The world’s governments will spend $5.3 trillion (€4.8 trillion) subsidising the cost of oil, gas and coal this year, thereby undermining their attempts to combat global warming and wealth inequality and fund public health.
Further decarbonisation of transport through a shift to alternative fuels and electro-mobility forms a major part of the European Commission’s strategy for an ‘energy union’, unveiled last week. With transport being responsible for more than 30% of EU energy consumption and a quarter of emissions, the Commission said legislation on ‘decarbonising the transport sector, including an action plan on alternative fuels’ would be put forward in 2017.
Norway and the Netherlands are the world’s leading countries for electric car use, but also the countries that spend most money making e-vehicles attractive to buyers. These are the findings of a new report by the International Council on Clean Transportation (ICCT) on the take-up of electric vehicles. T&E says the report shows that money alone will not grow the electric car market.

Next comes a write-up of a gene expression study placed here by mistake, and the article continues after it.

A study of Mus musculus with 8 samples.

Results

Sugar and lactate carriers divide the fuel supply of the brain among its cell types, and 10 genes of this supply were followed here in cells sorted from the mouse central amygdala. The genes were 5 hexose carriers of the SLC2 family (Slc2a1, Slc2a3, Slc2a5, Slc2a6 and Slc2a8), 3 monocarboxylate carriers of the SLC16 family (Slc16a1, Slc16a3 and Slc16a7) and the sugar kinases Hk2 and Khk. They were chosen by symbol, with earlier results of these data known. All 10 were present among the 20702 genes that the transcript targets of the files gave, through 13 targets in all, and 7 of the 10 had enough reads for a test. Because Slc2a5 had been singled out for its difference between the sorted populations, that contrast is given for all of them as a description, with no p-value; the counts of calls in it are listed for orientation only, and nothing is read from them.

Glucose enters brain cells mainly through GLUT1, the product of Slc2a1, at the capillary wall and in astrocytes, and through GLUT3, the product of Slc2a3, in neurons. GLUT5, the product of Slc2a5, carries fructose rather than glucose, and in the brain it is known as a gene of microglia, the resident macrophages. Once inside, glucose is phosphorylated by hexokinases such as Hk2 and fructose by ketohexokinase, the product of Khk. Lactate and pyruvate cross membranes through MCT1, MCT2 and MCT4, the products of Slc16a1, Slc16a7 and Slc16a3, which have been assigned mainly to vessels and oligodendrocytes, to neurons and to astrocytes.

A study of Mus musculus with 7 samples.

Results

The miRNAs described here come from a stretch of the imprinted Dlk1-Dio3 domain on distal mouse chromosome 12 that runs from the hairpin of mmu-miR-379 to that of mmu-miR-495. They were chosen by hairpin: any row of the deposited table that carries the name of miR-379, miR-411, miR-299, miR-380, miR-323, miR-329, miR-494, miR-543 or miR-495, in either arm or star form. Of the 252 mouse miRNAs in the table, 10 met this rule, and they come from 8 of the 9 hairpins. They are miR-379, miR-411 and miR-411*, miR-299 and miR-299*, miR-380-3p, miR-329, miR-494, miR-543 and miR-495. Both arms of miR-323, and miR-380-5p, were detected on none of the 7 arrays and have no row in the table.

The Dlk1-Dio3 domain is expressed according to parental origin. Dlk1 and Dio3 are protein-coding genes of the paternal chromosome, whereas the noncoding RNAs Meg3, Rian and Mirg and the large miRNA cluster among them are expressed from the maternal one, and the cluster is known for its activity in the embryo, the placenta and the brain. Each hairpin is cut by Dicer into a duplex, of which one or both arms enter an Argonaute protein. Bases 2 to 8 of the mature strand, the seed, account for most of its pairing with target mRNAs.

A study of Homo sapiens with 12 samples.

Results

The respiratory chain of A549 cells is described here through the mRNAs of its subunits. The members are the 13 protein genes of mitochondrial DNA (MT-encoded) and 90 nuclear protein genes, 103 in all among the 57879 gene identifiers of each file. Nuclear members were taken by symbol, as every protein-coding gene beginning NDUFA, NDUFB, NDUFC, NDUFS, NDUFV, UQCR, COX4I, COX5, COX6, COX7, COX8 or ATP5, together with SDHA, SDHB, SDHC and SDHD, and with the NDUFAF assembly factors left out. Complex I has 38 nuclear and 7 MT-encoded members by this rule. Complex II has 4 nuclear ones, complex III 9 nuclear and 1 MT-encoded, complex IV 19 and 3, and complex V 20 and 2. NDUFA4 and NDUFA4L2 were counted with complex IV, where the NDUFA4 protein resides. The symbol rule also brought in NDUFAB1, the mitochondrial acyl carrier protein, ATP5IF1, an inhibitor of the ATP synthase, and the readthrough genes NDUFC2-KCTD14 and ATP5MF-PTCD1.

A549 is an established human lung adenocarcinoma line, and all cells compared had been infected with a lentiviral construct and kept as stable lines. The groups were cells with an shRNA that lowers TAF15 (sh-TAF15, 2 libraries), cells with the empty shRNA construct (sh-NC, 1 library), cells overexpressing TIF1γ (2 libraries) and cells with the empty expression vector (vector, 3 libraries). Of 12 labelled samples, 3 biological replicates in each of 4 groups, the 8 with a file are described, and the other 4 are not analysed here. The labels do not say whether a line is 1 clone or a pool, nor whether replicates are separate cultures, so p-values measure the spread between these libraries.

Yes, this editorial has an unlikely title. If you have been following us, or the issues we work on, a little bit, the overwhelming impression is that things have been scaled back (emissions-trading aviation), postponed (the Fuel Quality Directive, possibly NOx from ship engines, truck CO2 emissions) and watered down (CO2 from cars, biofuels).
Suddenly Karel de Gucht is the most talked-about figure in Brussels. The Belgian trade commissioner is very busy. He is trying to finish a free trade deal with Canada; his boss and Obama are pressing for a deal with the US to be next. And then there is China – where the direction is towards less, not more, free trade. The EU has just imposed an anti-dumping 12% tariff on Chinese solar panels, with a threat to go to 47%. In its response, China is trying to play the usual divide-and-rule tactic by threatening tariffs on wine (annoying for the French), and luxury cars (annoying for the Germans).
The head of the International Monetary Fund has said the economic growth needed to get the world’s economies back to health must be ‘on a different track than before the crisis’. Christine Lagarde’s comments came just after a number of ex-finance ministers wrote to today’s European finance ministers, asking them to shift the burden from income tax and VAT on to carbon and energy taxes.